As constant companions, smartphones provide unique insights into people's daily lives and behaviors. While big tech companies have been using these insights for over 10 years, the method is only now emerging in the academic world. But what exactly can be measured with smartphone data? Which academic researcher can actually benefit from using this method? And what about data privacy?
Here we will demonstrate what information academic researchers can get by looking at the smartphone data obtained from a test study. For many research questions, this method may be more beneficial as it can overcome some downsides of traditional research methods such as surveys. It is easy to use for both researchers and participants and requires no personal meetings. Smartphone data can be used to analyze thousands of objective data points per day. This includes the following data types: a) phone & app usage over time, b) location data, c) app content. Let's dive into a practical example.
The figure below shows the data of one morning of a test user, let's call her Marta. The study was conducted by Murmuras with real data and has been modified in agreement with the participant. The data contains information about the time flow of her smartphone and app usage. Thanks to GPS and other location information, inferences can be made about her whereabouts. Furthermore, app content information reveals more in-depth insights. Here is Marta's morning in detail:
6:30 am: Marta first uses her phone. At this time, she opens the Clock app for 17 seconds. The sensors of her phone indicates that she is at her home.
7:56 am: She opens Chrome for 401 seconds, about 7 minutes. During this time, she browses three websites and clicks on one add. Based on the GPS tracking, it is clear that she has left her home by now, and based on the speed estimates, she is probably walking.
8:11 am: Marta checks the Calendar for 24 seconds. She has stopped at the GPS location of the Central Station of the city she lives in by now.
From 8:12 am till 8:21 am, Marta is moving at driving speed. She likely caught a bus from the station. During the ride, she checks Facebook: She likes three posts, writes one herself (30 words), and then clicks on the link to a video. The link leads her to Youtube: For about 2.5 minutes, she is watching a video on how to build a squirrel-proof bird feeder.
8:23 am: she enters her office. Marta immediately checks her Contacts. Then, she switches to WhatsApp and writes three messages in two different chats. She takes 78 seconds for this.
This example shows that a time window of about 2 hours can already provide a lot of insights into Marta's behavior. Such a detailed sequence of Marta's smartphone data is collected throughout the whole day. The data gives indications of when she goes home from work (she leaves the GPS of her work at 5:20 pm), when she goes to sleep (she used her phone last at 11:20 pm when she sets the alarm to 6:30 am again), and whether she sleeps through (no, she unlocks her phone twice at 3:00 and one time at 4:23).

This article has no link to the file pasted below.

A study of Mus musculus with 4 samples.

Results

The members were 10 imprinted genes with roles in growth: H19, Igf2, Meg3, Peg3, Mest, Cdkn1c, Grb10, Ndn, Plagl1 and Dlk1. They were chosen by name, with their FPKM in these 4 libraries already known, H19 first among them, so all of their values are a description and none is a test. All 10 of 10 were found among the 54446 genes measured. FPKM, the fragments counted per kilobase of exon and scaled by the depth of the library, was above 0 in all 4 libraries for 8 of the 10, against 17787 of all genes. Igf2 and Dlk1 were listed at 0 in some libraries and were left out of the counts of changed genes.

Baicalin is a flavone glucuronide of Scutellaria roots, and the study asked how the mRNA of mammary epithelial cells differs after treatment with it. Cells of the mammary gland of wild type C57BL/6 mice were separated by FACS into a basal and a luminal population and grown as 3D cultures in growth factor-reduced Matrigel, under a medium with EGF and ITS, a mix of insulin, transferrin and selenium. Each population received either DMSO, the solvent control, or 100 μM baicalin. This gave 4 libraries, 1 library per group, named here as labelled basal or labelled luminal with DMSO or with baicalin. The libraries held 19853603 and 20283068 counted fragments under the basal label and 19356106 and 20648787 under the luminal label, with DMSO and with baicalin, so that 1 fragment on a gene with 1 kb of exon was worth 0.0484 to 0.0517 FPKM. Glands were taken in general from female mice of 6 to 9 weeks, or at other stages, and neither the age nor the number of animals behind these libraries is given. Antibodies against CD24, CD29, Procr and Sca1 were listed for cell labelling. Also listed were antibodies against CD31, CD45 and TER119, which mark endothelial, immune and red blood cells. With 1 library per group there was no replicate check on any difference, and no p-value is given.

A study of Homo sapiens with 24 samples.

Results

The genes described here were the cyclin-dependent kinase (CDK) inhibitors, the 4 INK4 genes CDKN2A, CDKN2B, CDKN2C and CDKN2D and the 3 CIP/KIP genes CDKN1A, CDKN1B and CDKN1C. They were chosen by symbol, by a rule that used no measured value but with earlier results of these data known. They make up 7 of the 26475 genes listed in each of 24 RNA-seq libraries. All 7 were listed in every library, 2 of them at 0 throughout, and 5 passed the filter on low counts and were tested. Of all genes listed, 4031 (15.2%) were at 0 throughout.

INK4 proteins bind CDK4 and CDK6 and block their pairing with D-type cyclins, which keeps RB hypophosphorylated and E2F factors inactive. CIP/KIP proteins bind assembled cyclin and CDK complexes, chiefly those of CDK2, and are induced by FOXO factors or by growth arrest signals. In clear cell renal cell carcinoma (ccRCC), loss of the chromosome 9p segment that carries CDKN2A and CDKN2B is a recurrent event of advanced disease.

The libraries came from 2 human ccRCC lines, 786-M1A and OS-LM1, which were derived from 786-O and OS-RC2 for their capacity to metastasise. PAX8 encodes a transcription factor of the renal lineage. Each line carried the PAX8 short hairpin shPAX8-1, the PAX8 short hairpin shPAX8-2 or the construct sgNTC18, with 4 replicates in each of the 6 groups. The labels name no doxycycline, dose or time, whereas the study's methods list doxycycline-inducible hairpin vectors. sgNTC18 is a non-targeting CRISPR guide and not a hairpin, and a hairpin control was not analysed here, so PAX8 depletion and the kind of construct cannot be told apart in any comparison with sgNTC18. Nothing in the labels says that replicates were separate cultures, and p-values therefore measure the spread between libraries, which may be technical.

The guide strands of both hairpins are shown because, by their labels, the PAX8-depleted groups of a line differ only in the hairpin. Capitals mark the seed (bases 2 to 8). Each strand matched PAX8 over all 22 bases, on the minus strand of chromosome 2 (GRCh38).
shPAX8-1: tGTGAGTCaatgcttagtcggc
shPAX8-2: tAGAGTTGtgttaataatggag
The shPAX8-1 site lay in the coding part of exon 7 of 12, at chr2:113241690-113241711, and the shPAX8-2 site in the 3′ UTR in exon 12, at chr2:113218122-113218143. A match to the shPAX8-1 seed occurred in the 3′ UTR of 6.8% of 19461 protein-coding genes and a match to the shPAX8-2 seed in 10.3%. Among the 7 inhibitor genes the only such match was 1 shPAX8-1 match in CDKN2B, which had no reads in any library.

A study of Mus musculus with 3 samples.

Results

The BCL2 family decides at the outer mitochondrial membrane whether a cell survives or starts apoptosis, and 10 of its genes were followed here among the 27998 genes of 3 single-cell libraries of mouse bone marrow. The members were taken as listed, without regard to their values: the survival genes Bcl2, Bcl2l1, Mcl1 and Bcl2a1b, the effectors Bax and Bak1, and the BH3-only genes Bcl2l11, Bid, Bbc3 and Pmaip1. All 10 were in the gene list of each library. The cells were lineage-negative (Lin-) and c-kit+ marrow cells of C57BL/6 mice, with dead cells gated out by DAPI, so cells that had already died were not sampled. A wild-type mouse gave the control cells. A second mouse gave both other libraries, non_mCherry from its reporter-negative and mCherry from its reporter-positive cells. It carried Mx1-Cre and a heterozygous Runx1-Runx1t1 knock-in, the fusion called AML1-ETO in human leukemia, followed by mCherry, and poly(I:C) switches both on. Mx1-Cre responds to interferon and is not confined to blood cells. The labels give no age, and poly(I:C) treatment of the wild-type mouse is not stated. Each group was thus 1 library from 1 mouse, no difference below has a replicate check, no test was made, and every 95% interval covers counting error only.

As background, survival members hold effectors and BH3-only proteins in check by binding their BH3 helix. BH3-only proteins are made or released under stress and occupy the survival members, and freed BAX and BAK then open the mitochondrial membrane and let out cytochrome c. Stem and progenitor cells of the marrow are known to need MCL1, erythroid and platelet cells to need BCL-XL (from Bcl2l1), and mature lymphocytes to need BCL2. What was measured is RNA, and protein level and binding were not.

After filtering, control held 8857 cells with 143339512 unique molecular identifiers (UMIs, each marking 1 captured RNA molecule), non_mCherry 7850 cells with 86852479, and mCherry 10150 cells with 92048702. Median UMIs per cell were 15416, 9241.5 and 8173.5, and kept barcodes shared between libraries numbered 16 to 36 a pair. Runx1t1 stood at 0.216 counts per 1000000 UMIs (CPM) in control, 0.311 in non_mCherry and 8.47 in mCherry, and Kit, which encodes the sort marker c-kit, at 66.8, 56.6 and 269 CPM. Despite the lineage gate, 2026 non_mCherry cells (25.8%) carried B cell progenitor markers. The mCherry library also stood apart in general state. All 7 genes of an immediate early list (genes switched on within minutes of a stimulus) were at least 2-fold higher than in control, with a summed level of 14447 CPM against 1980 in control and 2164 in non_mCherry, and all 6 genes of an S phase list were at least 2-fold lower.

As Marta carries her phone with her anyways – such a detailed sequence of Marta's smartphone data is easily obtained over extended periods. Consequently, better inferences and judgments about Marta's behavior can be made.
Another way of examining the data is by looking at the app usage summary in relation to Marta's average daily phone usage. On this particular day, the test user Marta unlocked her phone 120 times and used it for 3.5 hours. Compared to the average female user in her age, she used her phone 21 minutes less.
In general, all researchers who study human behavior can benefit from collecting data using smartphone sensing. While the described example does not allow for any generalized inferences, it does give a hint on various research questions that can be better analyzed by smartphone data. The method can help to tackle behavioral research questions in fields including (but not limited to!) Psychology, Media and Communication Science, City planning, User Experience, and Marketing. Three examples:
How do people make decisions in different locations (checks Google Maps for transport method decision, checks TripAdvisor for a restaurant in the city, etc.)?
What are patterns of interaction on social media?
Health: sleeping patterns, outdoor activity, smartphone addiction, etc.
Data protection regulations and ethical concerns vary widely from region to region. But even in areas with stricter regulations like Europe (GDPR), researchers can run studies to analyze smartphone data, as long as probands' rights are respected. However, the ethical issues that arise in academic research extend beyond data privacy because there are international ethical and scientific standards, such as the Declaration of Helsinki and the DFG Memorandum, on ensuring good scientific practice. In our opinion, clear and transparent communication to participants is crucial when sensitive data is collected. Participation in a study should always be voluntary, and it should be possible to terminate without giving reasons at any time. Furthermore, it should be ensured that any non-communicated use of data (i.e., target advertisement) or even disclosure to third parties is excluded.